Location: Department of Veterinary Sciences - Grugliasco (TO)
Admission: The course admits a closed number of students
The curriculum of the Master Degree Course in Veterinary Medicine has a general framework valid at national level, which was established by the Ministry of Instruction, University and Research and outlined in the Ministerial Decree DM 509/1999. This DM is the body of a vast reform of the Italian university education system in compliance with the “Bologna Declaration”. Amongst other innovations, the DM 509/1999 has introduced the concept of University Learning Credits (ULCs, hereafter “credits”), in a way similar to the European Credit Transfer System (ECTS). The credit represents the unit of measurement of the amount of training and individual work necessary for a student with an adequate basic preparation to achieve the learning objectives established for any university course. Each credit corresponds to 25 hours of learning commitment (lectures plus practicals plus individual work) by the student. Balance between lectures, practicals and individual work may vary depending on the broad area of study, the disciplines and the typology of teaching. According to DM 509/1999, the Degree Course in Veterinary Medicine lasts five years and comprises a total number of 300 credits. Even more recently, a new law (DM 270/2004, that reviews DM 509/1999) has introduced further modifications of the general framework of all university courses, including Veterinary Medicine. DM 270/2004 defines the distribution of credits among different disciplines, precisely indicating the minimum and the maximum number of credits to be assigned per group of disciplines. According to the new DM, disciplines have been assembled into 5 main groups:
- basic disciplines (“discipline di base”);
- characterizing disciplines (“discipline caratterizzanti”);
- similar and integrative disciplines (“discipline affini e integrative”);
- elective disciplines (“discipline a scelta”);
- other activities (e.g., Foreign language, Obligatory extramural fieldwork, practical training etc.)
A last category is mentioned by DM 270/2004, namely the obligatory Dissertation work.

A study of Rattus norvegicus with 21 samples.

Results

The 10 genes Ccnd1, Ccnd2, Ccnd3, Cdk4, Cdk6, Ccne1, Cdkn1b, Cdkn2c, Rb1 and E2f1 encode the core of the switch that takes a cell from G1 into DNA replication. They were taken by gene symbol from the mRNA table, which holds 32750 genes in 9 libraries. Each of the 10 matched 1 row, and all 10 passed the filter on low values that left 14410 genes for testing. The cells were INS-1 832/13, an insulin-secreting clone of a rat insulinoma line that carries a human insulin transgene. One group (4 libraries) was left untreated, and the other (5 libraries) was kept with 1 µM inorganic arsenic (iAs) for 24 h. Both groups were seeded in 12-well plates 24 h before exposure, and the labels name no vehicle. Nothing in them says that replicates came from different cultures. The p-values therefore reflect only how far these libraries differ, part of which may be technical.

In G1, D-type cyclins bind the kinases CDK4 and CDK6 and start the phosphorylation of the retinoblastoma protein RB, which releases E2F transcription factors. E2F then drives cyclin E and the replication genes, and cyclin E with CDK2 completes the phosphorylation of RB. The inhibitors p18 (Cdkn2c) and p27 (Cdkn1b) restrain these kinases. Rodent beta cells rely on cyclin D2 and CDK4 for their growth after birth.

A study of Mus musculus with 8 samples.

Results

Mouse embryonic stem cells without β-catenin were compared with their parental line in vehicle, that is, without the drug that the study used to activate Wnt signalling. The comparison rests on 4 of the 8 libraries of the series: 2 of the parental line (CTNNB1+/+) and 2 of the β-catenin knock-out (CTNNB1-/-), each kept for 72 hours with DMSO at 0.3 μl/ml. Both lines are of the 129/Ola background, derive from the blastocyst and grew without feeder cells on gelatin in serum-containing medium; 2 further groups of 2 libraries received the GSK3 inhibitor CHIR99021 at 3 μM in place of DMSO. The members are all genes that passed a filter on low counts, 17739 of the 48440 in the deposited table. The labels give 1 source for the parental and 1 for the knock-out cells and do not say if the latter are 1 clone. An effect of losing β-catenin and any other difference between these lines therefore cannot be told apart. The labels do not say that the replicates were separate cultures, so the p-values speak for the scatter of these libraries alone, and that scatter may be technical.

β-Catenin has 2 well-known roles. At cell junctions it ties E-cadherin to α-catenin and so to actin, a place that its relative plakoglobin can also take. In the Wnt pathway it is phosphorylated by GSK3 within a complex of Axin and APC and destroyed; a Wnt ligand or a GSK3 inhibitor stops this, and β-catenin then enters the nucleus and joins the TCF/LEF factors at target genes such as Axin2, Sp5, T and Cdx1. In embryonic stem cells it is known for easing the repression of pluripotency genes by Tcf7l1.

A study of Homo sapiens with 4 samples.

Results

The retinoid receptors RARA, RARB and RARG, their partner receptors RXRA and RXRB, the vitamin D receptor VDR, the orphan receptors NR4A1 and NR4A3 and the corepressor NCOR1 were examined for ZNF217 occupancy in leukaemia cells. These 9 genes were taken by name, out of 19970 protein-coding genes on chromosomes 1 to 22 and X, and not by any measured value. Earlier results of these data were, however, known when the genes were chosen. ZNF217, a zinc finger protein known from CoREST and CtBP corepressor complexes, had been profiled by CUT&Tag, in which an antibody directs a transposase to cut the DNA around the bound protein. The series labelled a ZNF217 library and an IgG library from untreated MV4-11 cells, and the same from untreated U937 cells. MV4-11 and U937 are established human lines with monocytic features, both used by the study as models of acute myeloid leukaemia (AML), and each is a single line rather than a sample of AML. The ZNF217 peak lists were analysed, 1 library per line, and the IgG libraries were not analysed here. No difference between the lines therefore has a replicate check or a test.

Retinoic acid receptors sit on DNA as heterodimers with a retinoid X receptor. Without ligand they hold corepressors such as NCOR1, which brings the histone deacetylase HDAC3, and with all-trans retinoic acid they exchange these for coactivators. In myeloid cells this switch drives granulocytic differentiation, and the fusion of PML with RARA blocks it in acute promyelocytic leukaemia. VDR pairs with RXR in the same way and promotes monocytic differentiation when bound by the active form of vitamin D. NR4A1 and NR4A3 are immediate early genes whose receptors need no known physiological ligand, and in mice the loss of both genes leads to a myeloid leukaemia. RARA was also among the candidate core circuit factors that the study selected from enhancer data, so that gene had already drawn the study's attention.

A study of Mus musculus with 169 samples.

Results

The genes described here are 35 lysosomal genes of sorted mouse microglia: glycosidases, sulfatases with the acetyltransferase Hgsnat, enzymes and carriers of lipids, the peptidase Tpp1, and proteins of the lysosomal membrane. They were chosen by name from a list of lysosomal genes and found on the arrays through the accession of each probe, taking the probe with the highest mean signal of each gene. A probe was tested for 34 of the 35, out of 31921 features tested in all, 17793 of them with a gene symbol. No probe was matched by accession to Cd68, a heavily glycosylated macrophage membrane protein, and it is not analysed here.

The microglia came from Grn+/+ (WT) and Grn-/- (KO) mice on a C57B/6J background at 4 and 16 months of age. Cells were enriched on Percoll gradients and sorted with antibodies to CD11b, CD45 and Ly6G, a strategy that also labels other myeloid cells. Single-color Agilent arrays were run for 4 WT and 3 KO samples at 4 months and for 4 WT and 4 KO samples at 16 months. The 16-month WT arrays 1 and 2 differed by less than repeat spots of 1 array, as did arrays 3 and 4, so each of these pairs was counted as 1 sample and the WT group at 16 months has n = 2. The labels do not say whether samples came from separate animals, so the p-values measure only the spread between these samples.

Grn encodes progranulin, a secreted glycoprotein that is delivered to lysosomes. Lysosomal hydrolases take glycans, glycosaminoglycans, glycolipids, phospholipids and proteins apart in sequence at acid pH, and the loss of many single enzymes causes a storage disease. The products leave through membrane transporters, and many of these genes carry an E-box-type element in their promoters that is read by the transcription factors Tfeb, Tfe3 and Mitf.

“Similar and integrative disciplines” should mirror the vocation of the geographical area and/or the expertise of the available teachers.
Approval of the "new curriculum” was achieved in April 2009, and the “new” first year finally started in September 2009. The "new curriculum” has been introduced gradually, and completely replaced the “old” one in 2013.
Graduates from this MA course should:
- Have good foundations with specific backgrounds in chemistry, biochemistry, anatomy and physiology needed for understanding biological processes,
- Be adequately trained in Veterinary Sciences to work in fields of pathology, clinics, and prevention of animal diseases as well as hygiene and quality controls for food of animal origin,
- Know about relationships between human-animal and animal-environment, management of livestock farms, marketing and financial management, biotechnological genetics and reproduction, molecular biology topics,
- Have knowledge of at least one European language other than Italian
- Have basic computer and communication skills to be used in the workplace and professional development
- Be mature enough to work in the EC and international environments and be familiar with EU health systems as well as methodology for ongoing training and updating
- Be prepared to deal with a whole range of issues, from freelance clinical activities with pets and livestock to animal husbandry, form safeguarding human health for those in contact with animals to dealing with health problems related to the consumption of products of animal origin, to safeguarding the environments where animal related activities take place
An EAEVE/FVE expert team carried out a visitation to the Faculty of Veterinary Medicine of the University Turin in 1999 during a transition period when the Faculty was leaving the old campus in downtown Turin for the newly-built site at Grugliasco. Teaching and services were not fully adapted to the new premises when the visitation took place, and numerous suggestions were made to the Faculty for improvements. In 2002, the major deficiencies had been rectified and the Faculty received EAEVE/FVE approval. In November 2010 an EAEVE expert team carried out a visitation to the Faculty of Veterinary Medicine (now Department of veterinary Sciences) in order to evaluate the renewal of the certification. The Faculty was fully approved and in the final report the EAEVE expert team underlined that “the Faculty is an excellent teaching, research and service facility, fulfilling all standard requirements to produce graduates with satisfactory first-day skills in all areas as outlined in EU directive 36/2005".